Hobbyists showcase activities

FLYING HIGH: Blue Lake Areo Modellers treasurer Paul O'Connor showcases one of the larger models.

Charlotte Varcoe

HOBBY enthusiasts gathered at the Saint Paul Church over the long weekend as part of the Mount Gambier Train and Hobby Show – the first within the region since the 1990’s.

The event was introduced by the South Australian and Gauge Society to further entice others into different hobby activities and clubs before continuing tours across regional areas.

Society secretary Peter Cawthorne said the club decided to begin their regional tour in Mount Gambier due to the long wait between model exhibition events.

“When we decided to up take these events throughout regional communities we knew the starting point had to be Mount Gambier,” Mr Cawthorne said.

“We also decided to include a number of other hobbies to exhibit as well as give local hobby clubs and businesses a chance to promote their whereabouts to the community.

He said across the long weekend activity, exhibitors had welcomed a number of children to the event, with Mr Cawthorne stating it was the “lighting up” of their faces which made the work worth it.

Blue Lake Tabletop Club member John MacGregor said throughout the weekend, many had stopped by the exhibition and examined a number of hand painted figures on display while also inquiring about the club’s ongoing activities.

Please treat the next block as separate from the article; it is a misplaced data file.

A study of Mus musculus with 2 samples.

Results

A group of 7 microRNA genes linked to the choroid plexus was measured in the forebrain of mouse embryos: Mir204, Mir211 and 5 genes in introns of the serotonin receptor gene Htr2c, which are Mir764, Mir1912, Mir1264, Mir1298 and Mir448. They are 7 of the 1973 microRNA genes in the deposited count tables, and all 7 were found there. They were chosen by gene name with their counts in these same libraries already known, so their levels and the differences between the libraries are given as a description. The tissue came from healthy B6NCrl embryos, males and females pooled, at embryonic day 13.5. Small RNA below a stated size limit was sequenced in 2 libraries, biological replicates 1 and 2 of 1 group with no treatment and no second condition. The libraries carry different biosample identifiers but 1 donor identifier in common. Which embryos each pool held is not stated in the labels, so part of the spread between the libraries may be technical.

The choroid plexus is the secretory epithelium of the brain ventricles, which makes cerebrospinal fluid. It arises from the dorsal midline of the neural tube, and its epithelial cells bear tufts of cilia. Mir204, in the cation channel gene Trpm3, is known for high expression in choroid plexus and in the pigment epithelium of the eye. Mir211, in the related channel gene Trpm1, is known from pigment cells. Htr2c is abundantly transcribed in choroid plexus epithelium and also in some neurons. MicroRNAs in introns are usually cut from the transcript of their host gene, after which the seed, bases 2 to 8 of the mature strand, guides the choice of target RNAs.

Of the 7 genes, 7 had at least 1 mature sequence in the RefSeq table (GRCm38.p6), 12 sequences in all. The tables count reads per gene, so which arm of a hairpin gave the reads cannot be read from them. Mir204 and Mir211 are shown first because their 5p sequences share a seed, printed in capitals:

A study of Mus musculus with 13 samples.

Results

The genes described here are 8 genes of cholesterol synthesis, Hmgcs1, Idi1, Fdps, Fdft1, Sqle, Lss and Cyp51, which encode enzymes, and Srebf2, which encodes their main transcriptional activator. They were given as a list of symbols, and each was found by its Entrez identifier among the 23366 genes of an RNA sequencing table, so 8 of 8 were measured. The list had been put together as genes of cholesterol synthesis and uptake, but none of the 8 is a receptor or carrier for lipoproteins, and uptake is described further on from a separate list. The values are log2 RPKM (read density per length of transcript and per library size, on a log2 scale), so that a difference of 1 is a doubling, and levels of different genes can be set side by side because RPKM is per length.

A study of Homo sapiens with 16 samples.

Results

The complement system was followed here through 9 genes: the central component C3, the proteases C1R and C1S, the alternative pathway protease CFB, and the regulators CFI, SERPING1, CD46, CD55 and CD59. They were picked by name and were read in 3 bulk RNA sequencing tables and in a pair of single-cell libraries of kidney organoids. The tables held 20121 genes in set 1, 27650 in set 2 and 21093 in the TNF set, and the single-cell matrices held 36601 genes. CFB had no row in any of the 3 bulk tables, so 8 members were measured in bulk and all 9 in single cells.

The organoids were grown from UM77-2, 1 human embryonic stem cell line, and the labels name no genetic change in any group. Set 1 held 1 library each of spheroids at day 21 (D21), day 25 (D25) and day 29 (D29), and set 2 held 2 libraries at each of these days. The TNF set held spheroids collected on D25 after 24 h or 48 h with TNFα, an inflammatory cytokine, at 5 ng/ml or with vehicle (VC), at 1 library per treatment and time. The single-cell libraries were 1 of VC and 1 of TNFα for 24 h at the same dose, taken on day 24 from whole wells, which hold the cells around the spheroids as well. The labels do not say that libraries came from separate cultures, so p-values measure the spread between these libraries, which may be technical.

“We as a club have been in the community for three years now and being able to be a part of an event like this really allows us to showcase what we can do within the community,” Mr MacGregor said.

“It is also about getting the idea of model making into other people’s minds and allowing them to realise they are able to get out and about and interact with others, not just on a computer screen or on social media.”

He said the tabletop games, such as Dungeons and Dragons and other role playing games, were very community and social based with people of all ages interested in the activities hosted throughout each month.

The Blue Lake Aero Modellers, also attended the event showcasing decades of different model airplanes across its 30-year active time period.

Club treasurer Paul O’Connor, suggested those interested in building objects should begin with model airplanes due to the variety in sizes and detail available.

“Many of these models have a wide range of detail and they can be as intricate as people want to make them,” Mr O’Connor said.

“There are different models, such as those which require detailed building and there are also those which can just be put together and ready to fly later in the week.”

Mr O’Connor said a major benefit of having the club within the district allowed for support within the model community with members assisting one another throughout the year.

“If there are those who are just starting out, those who have been doing it for a long time are able to guide them and help them along the way,” he said.

“Throughout the years of model airplanes there has been a significant change in regards to how they are built and although at first the models can be scary to fly, if they are flown alongside the club members we are able to guide them.”